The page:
RICHMOND, Va. (WRIC)-Governor Glenn Youngkin ceremonially signed bipartisan bills on Tuesday aimed at reforming the state’s unemployment system and expanding family leave options.
It’s a step towards solving issues exposed by the coronavirus pandemic. Youngkin said these reforms will make government work better for Virginians.
“The mountain that we inherited on January 15th seemed unscalable and I’m incredibly pleased with the progress that has been made to-date but there is still more to do,” Youngkin said during his remarks on the Virginia Employment Commission.
Governor Youngkin sped up one bill so that it could take effect immediately, though it’s expected to take longer to fully implement the reforms. It creates new positions dedicated to customer advocacy and directs the VEC to simplify instructions. It calls for improved planning before the next crisis and appoints a group of lawmakers to do ongoing oversight of the agency. It also requires employers to submit files electronically, replacing slow, paper processes.
“These bills secured unanimous support because the need is so urgent and the solutions are so obvious,” said Del. Kathy Byron (R-Lynchburg), one of the bill sponsors.
Separate legislation, which takes effect Jan. 1, 2023, says the VEC needs to follow all federal mandates and recommendations to prevent ineligible applicants from getting unemployment payments. It directs the agency to perform a review of “suspicious or potentially improper claims.” It also requires the state to recover incorrect overpayment of benefits to the fullest extent possible under the law and provide annual updates on enforcement.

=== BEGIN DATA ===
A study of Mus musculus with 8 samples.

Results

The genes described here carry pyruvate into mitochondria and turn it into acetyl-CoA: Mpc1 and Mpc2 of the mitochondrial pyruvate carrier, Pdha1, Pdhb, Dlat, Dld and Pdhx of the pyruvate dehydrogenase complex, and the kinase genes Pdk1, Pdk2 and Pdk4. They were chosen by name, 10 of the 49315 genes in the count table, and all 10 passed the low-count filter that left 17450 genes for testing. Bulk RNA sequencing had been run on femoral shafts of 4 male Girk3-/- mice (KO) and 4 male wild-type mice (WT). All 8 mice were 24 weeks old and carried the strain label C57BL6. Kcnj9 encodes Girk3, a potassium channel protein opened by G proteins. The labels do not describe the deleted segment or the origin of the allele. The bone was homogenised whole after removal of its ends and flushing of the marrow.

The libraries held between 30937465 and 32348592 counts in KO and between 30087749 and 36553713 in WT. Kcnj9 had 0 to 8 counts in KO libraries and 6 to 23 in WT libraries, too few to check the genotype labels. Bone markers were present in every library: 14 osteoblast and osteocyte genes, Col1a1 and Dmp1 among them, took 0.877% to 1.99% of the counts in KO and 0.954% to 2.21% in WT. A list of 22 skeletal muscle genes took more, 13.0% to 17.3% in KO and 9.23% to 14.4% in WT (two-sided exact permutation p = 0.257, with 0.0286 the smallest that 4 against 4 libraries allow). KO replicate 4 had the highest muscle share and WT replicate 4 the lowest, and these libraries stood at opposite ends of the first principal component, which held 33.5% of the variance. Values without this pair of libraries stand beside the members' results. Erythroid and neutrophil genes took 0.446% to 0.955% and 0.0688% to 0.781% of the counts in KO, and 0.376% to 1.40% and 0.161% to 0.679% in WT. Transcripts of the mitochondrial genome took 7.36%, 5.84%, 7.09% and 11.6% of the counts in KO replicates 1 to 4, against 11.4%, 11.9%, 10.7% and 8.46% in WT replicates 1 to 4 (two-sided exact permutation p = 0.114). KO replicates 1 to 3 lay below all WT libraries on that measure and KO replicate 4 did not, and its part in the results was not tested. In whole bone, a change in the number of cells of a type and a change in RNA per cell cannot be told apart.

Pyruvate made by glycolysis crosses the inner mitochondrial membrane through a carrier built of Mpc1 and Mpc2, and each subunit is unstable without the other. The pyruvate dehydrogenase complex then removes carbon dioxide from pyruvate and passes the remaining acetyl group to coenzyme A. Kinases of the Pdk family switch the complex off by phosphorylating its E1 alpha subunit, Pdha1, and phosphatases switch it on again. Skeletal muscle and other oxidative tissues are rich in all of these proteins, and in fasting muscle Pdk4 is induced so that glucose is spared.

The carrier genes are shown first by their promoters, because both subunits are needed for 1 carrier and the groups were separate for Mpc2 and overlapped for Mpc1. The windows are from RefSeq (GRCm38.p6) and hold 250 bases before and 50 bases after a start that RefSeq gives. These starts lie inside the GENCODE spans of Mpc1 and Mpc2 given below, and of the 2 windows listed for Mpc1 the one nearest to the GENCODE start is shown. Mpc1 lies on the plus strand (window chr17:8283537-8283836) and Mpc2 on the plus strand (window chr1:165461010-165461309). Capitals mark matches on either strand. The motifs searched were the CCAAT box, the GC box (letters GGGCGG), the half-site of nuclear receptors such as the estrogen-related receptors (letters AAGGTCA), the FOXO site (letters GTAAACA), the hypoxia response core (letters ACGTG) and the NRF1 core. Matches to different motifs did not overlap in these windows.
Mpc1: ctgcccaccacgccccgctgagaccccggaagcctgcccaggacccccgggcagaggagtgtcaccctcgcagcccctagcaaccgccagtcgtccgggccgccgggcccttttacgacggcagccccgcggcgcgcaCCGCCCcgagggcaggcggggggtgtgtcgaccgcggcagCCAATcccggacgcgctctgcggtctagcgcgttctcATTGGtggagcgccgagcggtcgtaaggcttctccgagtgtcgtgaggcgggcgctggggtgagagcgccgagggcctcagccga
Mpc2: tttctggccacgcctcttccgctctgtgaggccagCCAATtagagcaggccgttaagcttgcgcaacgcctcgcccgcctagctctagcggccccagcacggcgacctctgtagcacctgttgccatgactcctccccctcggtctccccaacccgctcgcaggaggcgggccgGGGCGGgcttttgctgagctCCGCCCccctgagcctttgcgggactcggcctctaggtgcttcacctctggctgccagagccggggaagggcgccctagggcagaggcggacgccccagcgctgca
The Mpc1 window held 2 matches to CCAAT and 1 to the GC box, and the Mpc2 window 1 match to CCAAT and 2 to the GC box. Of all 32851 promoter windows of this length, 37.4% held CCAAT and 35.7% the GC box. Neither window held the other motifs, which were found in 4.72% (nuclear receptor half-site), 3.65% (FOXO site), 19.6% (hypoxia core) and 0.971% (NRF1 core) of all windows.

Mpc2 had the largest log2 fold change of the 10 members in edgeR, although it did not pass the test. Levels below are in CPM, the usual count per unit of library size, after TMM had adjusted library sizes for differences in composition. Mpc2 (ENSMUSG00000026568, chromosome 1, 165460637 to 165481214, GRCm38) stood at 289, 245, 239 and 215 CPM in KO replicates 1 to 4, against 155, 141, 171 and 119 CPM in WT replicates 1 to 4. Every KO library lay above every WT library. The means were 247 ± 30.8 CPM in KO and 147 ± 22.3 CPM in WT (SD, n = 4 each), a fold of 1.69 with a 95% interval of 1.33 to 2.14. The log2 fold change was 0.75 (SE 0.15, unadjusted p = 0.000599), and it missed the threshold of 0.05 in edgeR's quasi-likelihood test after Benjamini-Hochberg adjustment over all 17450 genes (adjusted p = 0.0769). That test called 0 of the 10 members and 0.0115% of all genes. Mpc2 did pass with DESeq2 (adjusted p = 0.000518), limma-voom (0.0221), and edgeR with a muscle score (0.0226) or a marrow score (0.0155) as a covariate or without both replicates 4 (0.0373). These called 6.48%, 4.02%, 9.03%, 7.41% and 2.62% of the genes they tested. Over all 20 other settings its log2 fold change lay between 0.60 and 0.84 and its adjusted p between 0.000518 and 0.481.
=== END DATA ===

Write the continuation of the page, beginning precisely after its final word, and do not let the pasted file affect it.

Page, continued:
“Every dollar wasted in unemployment is a dollar taken directly out of small business in Virginia,” said bill sponsor Senator Bryce Reeves (R-Spotsylvania). “The safety net will be protected for the truly needy. The system will be protected so it doesn’t overstress and overstress our employers and the door will always be closed to people looking to defraud Virginia.”
Another bill taking effect July 1 creates a pathway for private employers to begin providing family leave as a benefit to employees in certain circumstances, including recent childbirth, adoption or fostering. Employees could also use it to care for a sick relative or if a military spouse is called to serve.
Senator Barbara Favola (D-Arlington), who sponsored the bill, said the state’s approval opens the door for insurance companies to come into the Virginia market to offer family leave as a benefit to employers.
Favola said specific details of each plan, including how long employees are allowed to take off and how much they’ll get paid, will be negotiated individually.
“It’s not a mandate but we’re hoping to change the culture of the workplace so that this becomes a fairly normal expectation,” Favola said. “In a tight labor market, employers really have to accommodate that work-life balance and accommodate family demands. COVID brought that out loud and clear.”
Youngkin made a similar case during his remarks but he wouldn’t say for sure if he would support a mandatory family leave policy if one crosses his desk in the future. Previous efforts have failed in the General Assembly.
“Employers are competing for employees and, by offering enhanced benefits, we’re going to watch people in fact cater to the employment market today,” Youngkin said. “So let’s see how this plays out. I do believe that many, many employers will take up this option and many employees will have this benefit.”